Local News

Homewood approves reduced budget amid shutdown

Homewood officials cut more than $800,000 in expenses to help make up for more than $1 million in projected revenue lost in the 2020-21 budget approved by the Homewood village board Tuesday.

“We’ve been through recessions before, in 2001 after the 9/11 attacks and in 2008 with the housing meltdown and now, what looks even worse, with this whole COVID-19 thing,” Homewood Finance Director Dennis Bubenik said. “We do have, on-hand, options available. We didn’t go to the most-severe option but we would not do ourselves a favor if we didn’t have a list of every option out there.”

The most severe option, Bubenik said, was layoffs. None are included in the approved budget.

“I’m not guaranteeing that we’re not going to have to do something more severe, depending on how the next 12 months go,” he said. 

Only Mayor Richard Hofeld, Village Manager Jim Marino, Village Attorney Chris Cummings and Bubenik were physically present and all were at a safe social distance. The board joined via Zoom. 

Videos of the meeting and a public hearing on the budget are available on the village website.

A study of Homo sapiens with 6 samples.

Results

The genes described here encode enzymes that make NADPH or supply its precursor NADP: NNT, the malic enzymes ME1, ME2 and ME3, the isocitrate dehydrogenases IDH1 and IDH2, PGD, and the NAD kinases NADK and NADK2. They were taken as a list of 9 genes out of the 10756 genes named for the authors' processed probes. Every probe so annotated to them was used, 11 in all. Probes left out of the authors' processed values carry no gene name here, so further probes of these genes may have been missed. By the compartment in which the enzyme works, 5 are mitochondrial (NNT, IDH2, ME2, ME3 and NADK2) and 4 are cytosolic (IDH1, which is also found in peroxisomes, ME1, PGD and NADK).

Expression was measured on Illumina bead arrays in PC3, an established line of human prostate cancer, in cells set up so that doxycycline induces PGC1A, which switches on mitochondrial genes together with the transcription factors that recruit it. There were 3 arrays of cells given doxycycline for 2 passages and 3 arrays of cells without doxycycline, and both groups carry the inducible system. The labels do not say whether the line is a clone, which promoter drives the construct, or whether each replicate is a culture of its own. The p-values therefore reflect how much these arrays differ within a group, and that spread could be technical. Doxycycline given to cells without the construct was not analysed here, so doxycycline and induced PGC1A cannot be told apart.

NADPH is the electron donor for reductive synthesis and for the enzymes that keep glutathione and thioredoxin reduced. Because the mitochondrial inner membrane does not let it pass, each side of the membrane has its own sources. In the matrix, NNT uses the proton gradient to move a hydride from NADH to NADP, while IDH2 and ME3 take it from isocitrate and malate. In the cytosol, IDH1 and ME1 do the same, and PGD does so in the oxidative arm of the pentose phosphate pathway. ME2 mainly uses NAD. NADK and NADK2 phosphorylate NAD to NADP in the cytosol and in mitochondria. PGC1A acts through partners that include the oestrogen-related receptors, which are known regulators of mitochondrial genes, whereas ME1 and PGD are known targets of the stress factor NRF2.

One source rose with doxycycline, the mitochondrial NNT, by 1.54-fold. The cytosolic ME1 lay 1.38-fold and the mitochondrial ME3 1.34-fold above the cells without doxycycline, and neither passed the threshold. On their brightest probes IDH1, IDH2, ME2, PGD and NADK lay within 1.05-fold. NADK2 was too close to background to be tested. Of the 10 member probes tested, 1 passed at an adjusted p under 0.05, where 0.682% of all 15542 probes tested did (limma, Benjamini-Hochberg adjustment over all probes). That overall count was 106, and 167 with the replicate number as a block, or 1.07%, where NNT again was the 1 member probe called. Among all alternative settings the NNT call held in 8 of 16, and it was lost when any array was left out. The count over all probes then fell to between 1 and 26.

A total budget of $32,513,589 and a capital budget of $5,957,533 were approved. Major adjustments were made resulting from the coronavirus shelter-in-place order. 

“Department heads stepped up to eliminate or defer programs and purchases to help cover the budget shortfall,” Marino said in a statement Wednesday. “We always strive to maintain a healthy fund balance by being judicious in what we spend and maximizing our revenue sources so that we have adequate cash to cover budget shortfalls during economic downturns. This effort is now paying off.”

Before the shutdown, Bubenik said the village was projecting a $348,180 surplus. Reductions had to be made in projections for sales, places for eating and income tax revenues. The board suspended the places for eating tax for March, April and May at the April 14 meeting in an effort to help local businesses. 

Revenue projections were cut by $1.35 million. That includes a $673,442 decrease in sales tax, $355,000 in income tax, $215,000 in places for eating tax and $108,000 in other revenues.  

Cuts totaling $827,000 were made. The remaining $229,516 will be made up by the fund balance created in previous budgets. That number was reduced from a previously-projected $292,329.

“It was a very challenging budget this year. We’ll see where we’re at next year. We’ll monitor it closely in these coming 12 months,” Bubenik said. “Right now, there are still some unknowns here. We really had to make some changes in our budget process.” 

After the 2008 recession, Homewood used its fund balance for four years.

“This may not be a one-year thing,” Bubenik said. “Revenues probably ain’t going to just bounce right back. It’s going to take some time for people to get back into what’s more normal.”